Methods and Limitations
We estimated the prevalence of self–reported mobility limitation in the U.S. diabetic adult population aged 18 years and older using data from the CDC's National Health Interview Survey (NHIS) of the National Center for Health Statistics (NCHS). Conducted continuously since 1957, NHIS is a health survey of the civilian, noninstitutionalized, household population of the United States. The survey provides information on the health of the U. S. population, including information on the prevalence and incidence of diseases, the extent of disability, and the use of health care services. The design of the survey has been described elsewhere.1,2
Adult respondents were asked whether a health professional had ever told them they had diabetes. To exclude gestational diabetes, women were asked whether they had been told they had diabetes other than during pregnancy. Adult respondents were asked about their difficulties in doing certain activities because of a health problem. Four tasks asked in the following questions are analyzed in this report: 'By yourself, and without using any special equipment, how difficult is it for you to walk a quarter of a mile—about 3 city blocks'; 'walk up 10 steps without resting'; 'stand or be on your feet for about 2 hours'; 'stoop, bend, or kneel'. The responses are scaled as 0 (not at all difficult), 1 (only a little difficult), 2 (somewhat difficult), 3 (very difficult), and 4 (can't do at all). A response with score greater than zero was identified as being limited in the task. Any mobility limitation is defined as being limited in any of the four tasks. Observations with a missing value in any of the four tasks were excluded from analysis.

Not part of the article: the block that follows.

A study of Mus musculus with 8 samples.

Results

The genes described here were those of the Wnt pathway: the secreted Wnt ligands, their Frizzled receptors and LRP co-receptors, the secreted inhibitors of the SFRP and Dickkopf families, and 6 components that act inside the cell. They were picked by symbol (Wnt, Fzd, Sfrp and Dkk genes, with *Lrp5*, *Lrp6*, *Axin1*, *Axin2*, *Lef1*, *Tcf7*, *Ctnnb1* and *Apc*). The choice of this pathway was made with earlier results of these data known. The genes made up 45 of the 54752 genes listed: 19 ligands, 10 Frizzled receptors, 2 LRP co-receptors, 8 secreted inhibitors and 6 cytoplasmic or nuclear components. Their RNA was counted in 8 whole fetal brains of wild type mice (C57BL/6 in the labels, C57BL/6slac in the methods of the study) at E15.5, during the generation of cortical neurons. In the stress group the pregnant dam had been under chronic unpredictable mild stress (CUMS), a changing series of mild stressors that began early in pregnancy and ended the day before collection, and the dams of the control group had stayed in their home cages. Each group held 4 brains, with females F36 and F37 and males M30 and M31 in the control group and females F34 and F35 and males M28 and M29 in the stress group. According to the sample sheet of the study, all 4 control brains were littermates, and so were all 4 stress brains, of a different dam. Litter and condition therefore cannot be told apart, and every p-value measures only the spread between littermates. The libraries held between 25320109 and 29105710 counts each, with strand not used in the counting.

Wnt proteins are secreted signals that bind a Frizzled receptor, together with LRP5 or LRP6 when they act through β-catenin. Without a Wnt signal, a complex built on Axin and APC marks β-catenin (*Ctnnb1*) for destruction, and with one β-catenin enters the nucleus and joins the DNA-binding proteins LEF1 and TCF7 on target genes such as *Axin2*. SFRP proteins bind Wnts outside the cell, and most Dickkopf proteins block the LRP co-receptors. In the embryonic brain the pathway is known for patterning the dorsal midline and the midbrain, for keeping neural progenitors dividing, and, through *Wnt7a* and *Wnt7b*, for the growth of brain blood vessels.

Estimates of mobility limitation in the adult diabetic population are presented by age group, race/ethnicity, and sex. The race groups include people of both Hispanic and non-Hispanic origin. Three-year averages were used to improve the precision of the annual estimates. Estimates were age-adjusted to the 2000 U.S. Standard Population using four age groups (18–44, 45–64, 65–74, and 75 years or older).
Mobility limitations in the NHIS are self-reported and, thus, reflect respondents' perception of their functioning. Further research is needed to understand the correlation between self–reported physical limitations and objective measurements of these limitations. In addition, institutionalized people were not sampled in the NHIS and thus these results can only apply to the noninstitutionalized population.
- Massey JT, Moore TF, Parsons VL, Tadros W. Design and estimation for the National Health Interview Survey, 1985–1994. Natl. Vital Stat. Rep. 1989;2(110).
- Botman SL, Moore TF, Moriarity CL, Parsons VL. Design and estimation for the National Health Interview Survey, 1995–2004. National Center for Health Statistics. Vital Health Stat. 2000;(130).